Count the Fifth Circuit among the latest to allow emotional distress damages to employees who successfully sue for retaliation under the Fair Labor Standards Act. In a December 19, 2016 opinion, the Fifth Circuit held that the district court should have allowed the jury to receive an instruction on emotional distress damages when it was considering an employee’s FLSA retaliation claim. In the same opinion, however, the Fifth Circuit did clarify that only employees can bring claims under the FLSA.
During trial, the district court awarded JTCH judgment as a matter of law against Pena on the ground that she was not JTCH’s employee and only employees could file suit under the FLSA. The jury found in Pineda’s favor on his claims, but the district court refused his request that the jury receive an instruction on emotional distress damages for his FLSA claim. Both Pineda and Pena appealed.
The Fifth Circuit held that the jury should have received the instruction on emotional distress damages. The court focused on language in the FLSA’s anti-retaliation provision stating that an employer who violates it shall be liable for “such legal or equitable relief as may be appropriate” to effectuate the statute’s purpose. The court noted that this language was added to the statute concurrently with a 1977 amendment granting employees the right to bring retaliation claims. Prior to that amendment, employees could only sue under the FLSA for minimum wage and overtime violations and their recovery was limited to lost pay, liquidated damages, and attorney fees. The Fifth Circuit concluded that the expansive language, “and such legal or equitable relief as may be appropriate,” should be read “to include the compensation for emotional distress that is typically available for intentional torts like retaliatory discharge.” The court noted its holding was in line with similar holdings by both the Sixth and Seventh Circuits.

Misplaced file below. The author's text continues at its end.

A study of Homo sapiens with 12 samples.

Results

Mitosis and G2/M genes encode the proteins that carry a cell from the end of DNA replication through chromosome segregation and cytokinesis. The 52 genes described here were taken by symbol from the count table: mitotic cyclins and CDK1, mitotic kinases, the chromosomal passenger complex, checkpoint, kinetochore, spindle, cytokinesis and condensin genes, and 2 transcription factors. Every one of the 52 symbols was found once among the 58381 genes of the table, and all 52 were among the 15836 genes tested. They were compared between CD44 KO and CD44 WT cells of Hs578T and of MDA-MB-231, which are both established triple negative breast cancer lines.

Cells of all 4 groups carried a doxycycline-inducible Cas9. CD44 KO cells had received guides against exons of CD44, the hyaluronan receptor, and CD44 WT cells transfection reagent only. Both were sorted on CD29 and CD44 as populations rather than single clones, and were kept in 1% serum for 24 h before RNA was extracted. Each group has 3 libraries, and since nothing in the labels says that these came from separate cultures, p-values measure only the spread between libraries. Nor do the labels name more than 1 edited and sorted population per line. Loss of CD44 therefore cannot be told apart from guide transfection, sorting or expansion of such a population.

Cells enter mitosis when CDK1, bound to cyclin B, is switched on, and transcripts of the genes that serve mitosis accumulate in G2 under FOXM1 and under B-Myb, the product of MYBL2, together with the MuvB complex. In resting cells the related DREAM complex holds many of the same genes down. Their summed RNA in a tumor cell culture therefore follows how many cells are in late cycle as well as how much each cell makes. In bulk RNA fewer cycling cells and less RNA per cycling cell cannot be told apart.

The decision did provide some good news to employers, however. In affirming the dismissal of Pena’s retaliation claim, the Fifth Circuit held that the FLSA only offers protection to employees, not their spouses. Relying on Title VII cases (prohibiting discrimination in employment), Pena argued that an employee’s spouse who is retaliated against because of the employee’s complaints is “within the zone of interests the statute protects.” The Fifth Circuit distinguished such cases on the ground that Title VII permits any “person claiming to be aggrieved” to file suit whereas the FLSA only makes it unlawful to retaliate against “any employee because such employee” files a complaint.
Takeaway for Employers
Employers should be aware that potential liability for FLSA retaliation claims, at least in the Fifth, Sixth, and Seventh Circuits, is now significantly greater in light of the possible award of emotional distress damages. Until another court holds to the contrary, employers in the remaining circuits should also reasonably expect that they may be subject to emotional distress awards on FLSA retaliation claims. Employers should take some comfort, however, in knowing that they can move to quickly dismiss any such claims that are filed by non-employees.